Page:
Giving Care Where It's Needed
Published in Inside - Volume XVI, No. 8
Whether in addressing the U.S. nursing shortage or poverty in his native Philippines, Medel Paguirigan focuses on helping vulnerable populations
In the Philippines, a country so poor that the typical family of four gets by on about $4 a day, a kidney donor can receive as much as $2,000. Small wonder, then, that in Manila, the capital city, there is an area called “One-Kidney Island,” where thousands of people have donated a kidney for monetary gain – or that nationwide organ sales to foreign buyers remain brisk despite a 2008 law banning that practice.
Medel Paguirigan, who is receiving his doctorate in education degree in TC’s Executive Nursing Program, made that sad trade the focus of his doctoral dissertation, titled “Sacrificing Something Important: The Lived Experience of Compensated Kidney Donors in the Philippines.”
“My interest is in the vulnerable and marginalized population,” says Paguirigan, who grew up in Manila and is now a clinical instructor at the NYU College of Nursing. “These donors are exploited because of their poverty experience. I was also born poor, so I could identify with them.”
To conduct his research, Paguirigan (pronounced Pa-guh-REE-gun), went to One-Kidney Island, where a friend, Joseph Laban, who had made a documentary on the same subject, connected him with some donors. Paguirigan interviewed 13 of them after their surgeries, asking why they chose to donate and how they felt about selling something as intensely personal as a kidney.
Most expressed mixed feelings about what they had done. They needed and appreciated the monetary compensation and felt good about contributing to the recipient’s health and wellbeing and that of their own families. However, some were still living in poverty, either because they had been cheated by unscrupulous brokers or because all the money had gone to pay creditors. In addition, donors reported receiving poor or inadequate post-operative care, and many were worried about their own health and whether they would be able to work again.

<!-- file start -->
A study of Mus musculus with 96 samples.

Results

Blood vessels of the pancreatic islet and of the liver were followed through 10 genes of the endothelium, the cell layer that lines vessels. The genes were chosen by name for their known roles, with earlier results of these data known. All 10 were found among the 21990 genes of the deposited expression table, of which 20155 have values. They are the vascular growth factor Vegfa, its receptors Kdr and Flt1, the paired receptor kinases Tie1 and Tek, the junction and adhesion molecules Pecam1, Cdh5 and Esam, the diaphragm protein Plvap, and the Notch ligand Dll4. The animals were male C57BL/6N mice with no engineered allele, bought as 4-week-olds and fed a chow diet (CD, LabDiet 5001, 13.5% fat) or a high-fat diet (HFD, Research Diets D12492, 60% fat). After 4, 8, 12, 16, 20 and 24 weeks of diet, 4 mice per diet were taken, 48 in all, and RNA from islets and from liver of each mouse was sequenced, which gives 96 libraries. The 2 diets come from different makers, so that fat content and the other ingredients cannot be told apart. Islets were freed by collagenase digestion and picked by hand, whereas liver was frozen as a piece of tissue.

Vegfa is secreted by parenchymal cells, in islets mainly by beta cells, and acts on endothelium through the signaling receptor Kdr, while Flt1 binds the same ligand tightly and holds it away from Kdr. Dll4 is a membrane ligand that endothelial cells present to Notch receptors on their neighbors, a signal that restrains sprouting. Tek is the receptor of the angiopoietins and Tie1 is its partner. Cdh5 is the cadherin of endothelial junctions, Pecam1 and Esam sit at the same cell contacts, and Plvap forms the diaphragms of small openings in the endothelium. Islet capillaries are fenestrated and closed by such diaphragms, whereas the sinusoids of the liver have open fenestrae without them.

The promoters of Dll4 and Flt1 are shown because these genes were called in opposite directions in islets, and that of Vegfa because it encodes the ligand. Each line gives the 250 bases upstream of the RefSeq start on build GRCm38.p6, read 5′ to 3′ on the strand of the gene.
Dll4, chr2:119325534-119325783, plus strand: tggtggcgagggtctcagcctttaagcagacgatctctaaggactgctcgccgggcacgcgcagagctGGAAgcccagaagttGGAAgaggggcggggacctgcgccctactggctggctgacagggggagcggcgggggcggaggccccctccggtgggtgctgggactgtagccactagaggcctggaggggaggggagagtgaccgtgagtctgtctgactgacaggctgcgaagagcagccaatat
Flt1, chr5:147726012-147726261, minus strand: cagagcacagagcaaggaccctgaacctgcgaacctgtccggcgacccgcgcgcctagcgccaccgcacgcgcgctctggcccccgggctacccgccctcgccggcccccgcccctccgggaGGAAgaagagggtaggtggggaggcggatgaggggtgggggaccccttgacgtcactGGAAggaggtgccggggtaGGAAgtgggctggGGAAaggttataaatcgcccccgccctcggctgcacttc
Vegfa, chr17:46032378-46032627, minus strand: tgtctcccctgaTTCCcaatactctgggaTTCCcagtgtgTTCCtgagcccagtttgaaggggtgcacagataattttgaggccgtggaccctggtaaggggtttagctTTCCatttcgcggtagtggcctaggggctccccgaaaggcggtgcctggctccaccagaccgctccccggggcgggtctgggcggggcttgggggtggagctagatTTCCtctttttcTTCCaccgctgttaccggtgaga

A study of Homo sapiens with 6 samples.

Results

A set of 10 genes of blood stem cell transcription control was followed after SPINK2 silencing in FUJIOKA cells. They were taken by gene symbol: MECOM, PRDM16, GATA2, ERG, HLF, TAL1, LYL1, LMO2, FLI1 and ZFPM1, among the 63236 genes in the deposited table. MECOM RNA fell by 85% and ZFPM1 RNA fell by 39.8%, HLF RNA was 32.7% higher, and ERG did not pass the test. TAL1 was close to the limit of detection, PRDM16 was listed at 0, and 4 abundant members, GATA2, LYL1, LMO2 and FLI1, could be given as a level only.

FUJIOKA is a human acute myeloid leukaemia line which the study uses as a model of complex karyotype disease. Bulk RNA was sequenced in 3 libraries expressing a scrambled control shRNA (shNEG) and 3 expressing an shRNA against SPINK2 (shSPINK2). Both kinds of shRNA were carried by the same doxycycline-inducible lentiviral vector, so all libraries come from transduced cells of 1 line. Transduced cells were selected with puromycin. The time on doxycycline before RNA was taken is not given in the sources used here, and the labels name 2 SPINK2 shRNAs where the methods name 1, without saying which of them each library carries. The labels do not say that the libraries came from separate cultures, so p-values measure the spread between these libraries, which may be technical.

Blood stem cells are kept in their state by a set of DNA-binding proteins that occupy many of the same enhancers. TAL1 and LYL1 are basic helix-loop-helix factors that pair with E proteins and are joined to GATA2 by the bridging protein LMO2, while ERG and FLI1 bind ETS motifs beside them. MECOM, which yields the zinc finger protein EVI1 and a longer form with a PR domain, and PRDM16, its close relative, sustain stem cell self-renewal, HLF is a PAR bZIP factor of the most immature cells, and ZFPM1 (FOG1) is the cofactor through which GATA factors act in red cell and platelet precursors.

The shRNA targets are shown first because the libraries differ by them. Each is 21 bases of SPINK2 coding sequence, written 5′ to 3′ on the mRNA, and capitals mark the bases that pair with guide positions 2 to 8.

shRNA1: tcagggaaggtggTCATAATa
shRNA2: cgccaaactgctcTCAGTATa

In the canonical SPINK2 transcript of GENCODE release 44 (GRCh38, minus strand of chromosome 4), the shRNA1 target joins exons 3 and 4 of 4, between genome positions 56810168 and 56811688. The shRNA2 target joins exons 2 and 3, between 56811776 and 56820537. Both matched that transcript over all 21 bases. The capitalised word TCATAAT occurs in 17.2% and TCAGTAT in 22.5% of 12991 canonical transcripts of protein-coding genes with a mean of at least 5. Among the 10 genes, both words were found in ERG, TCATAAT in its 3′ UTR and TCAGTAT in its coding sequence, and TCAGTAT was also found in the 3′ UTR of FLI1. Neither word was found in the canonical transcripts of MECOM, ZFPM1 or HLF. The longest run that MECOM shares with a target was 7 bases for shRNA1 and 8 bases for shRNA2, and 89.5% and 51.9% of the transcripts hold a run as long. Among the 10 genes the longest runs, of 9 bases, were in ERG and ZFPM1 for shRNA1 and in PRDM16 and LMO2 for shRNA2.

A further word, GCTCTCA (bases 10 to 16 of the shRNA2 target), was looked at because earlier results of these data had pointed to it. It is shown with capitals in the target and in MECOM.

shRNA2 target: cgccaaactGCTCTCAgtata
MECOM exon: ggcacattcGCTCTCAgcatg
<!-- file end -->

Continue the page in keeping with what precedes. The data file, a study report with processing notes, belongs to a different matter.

Paguirigan, 49, was part of a wave of Filipino nurses who came to the United States in the 1980s to address a serious nursing shortage. He joined the NYU faculty in 2006 and in 2008 came to TC. He was the only student of the 13 in his cohort to complete his coursework and dissertation in three years, while also teaching full-time at NYU.
As Paguirigan explains, the anticipated U.S. shortfall of 1 million nurses predicted by the year 2020 – at a time when the nation’s aging population will require increased medical care – is likely to have an exponential impact, because today’s lack of qualified faculty prevents schools from training tomorrow’s nurses.
“We’ve already had to turn away tens of thousands of potential nursing school applicants in the U.S. because we don’t have the faculty to teach them,” he says.
Hence Paguirigan’s own plans to continue teaching and training new nurses. “I want to give back to my community,” he said. Right now, his community is New York. Some day, it may again be Manila.